This year has been a crazy one, with the coronavirus pandemic upending many people’s employment and financial responsibilities. This year’s holiday festivities have placed an extra burden on those who could be struggling, but this is also an opportunity to help others in need if you have the means to. Therefore, if you plan on staying home for the holidays (as you should) but want to indulge in that feel-good emotion of giving, here are some local ways to contribute.
In a year when nothing is normal, there are still fun, family-oriented events to look forward to, and Northern Lights Family Day is one of them.
Coming up this Saturday, December 12, Northern Lights Family Day is part of the Northern Lights Festival, which is ongoing through December 31 in the communities of Incline Village and Crystal Bay.
All Northern Lights Festival activities offer a safe way to enjoy holiday activities outside of home.
On Saturday, September 26 the Rotary Club of Tahoe-Incline will be hosting its 3rd annual Best Ball for a Cause golf tournament at the Mountain Course at 630 Wilson Way in Incline Village, Nevada. A silent and online auction will also be held, including the always popular Wine Wheelbarrow raffle. The public is invited to attend and enjoy the auction, lunch, and the Putt for Wine contest. Funds raised will support education and youth programs as well as assist schools to operate safely in the COVID era. All events will be socially distanced.
I wrote a few weeks back about an important nonprofit that supports local youth, The Boys & Girls Club of North Lake Tahoe, and how they have taken one of their main fundraising events, Wine on the Water, virtual due to COVID-19 safety precautions.
The Boys and Girls Club of North Lake Tahoe (BGCNLT) is an organization that supports the Lake Tahoe communities like no other. Since 1998 BGCNLT has served thousands of club members with crucial out-of-school-time programs.
Technology has changed our lives in so many ways, from health and medicine to transportation to quality of life and more. But one of the main areas of our lives where technological advancements play a large role during times of crisis is in communication. Social media has helped us coordinate relief efforts, to share information and, in the case of Luke Stevenson, to bring us all closer together and to entertain us.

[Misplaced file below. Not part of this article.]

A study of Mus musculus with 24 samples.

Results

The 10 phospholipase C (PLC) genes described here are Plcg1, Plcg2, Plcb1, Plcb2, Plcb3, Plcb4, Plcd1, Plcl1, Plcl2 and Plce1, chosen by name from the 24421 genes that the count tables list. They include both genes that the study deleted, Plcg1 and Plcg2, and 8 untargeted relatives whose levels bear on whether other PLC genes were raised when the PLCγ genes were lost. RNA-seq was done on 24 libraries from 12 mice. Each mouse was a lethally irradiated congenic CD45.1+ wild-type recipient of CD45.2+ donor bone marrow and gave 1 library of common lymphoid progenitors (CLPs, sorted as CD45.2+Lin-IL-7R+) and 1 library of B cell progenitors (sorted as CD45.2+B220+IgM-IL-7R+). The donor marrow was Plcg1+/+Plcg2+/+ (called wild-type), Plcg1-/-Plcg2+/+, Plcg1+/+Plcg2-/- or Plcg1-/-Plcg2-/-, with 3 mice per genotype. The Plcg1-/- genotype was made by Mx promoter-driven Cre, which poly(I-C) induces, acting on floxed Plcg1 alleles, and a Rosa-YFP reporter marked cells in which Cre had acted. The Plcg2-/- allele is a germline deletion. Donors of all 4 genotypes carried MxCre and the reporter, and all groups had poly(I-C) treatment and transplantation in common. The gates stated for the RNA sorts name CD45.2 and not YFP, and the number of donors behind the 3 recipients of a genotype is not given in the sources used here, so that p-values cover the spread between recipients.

One thing that has been clear through the recent weeks and months of uncertainty is the resolve of the greater Tahoe community to work together and for those who have been fortunate enough to weather the storm to help their neighbors who have not been as lucky. A number of grants, loans and funds have been developed or directed toward providing financial assistance to businesses, families and individuals in need, and one of these resources is the Resilience Fund.
One of the themes that we’ve seen played out over and over in the Tahoe area during the COVID-19 emergency is that of unity. Community members from all corners of the region have pulled together to help businesses, families and individuals make it through the hardships brought on by the pandemic.
In the wake of the COVID-19 pandemic, Incline Village has pulled together to support its community members who have been hardest hit. Among the efforts to help the business community survive the crisis is the Incline Rotary Clubs Angel Business Grant Fund. This program is designed to assist local businesses that have been adversely impacted by the pandemic with grants ranging from $1,000 to $10,000.
One reason that the COVID-19 pandemic has been so devastating is that it causes hardships across the community. The efforts being made to maintain and protect people’s health have impacted the economy and the business sector, which in turn exacerbates the situation of anyone struggling to put enough food on the plate for their families or themselves.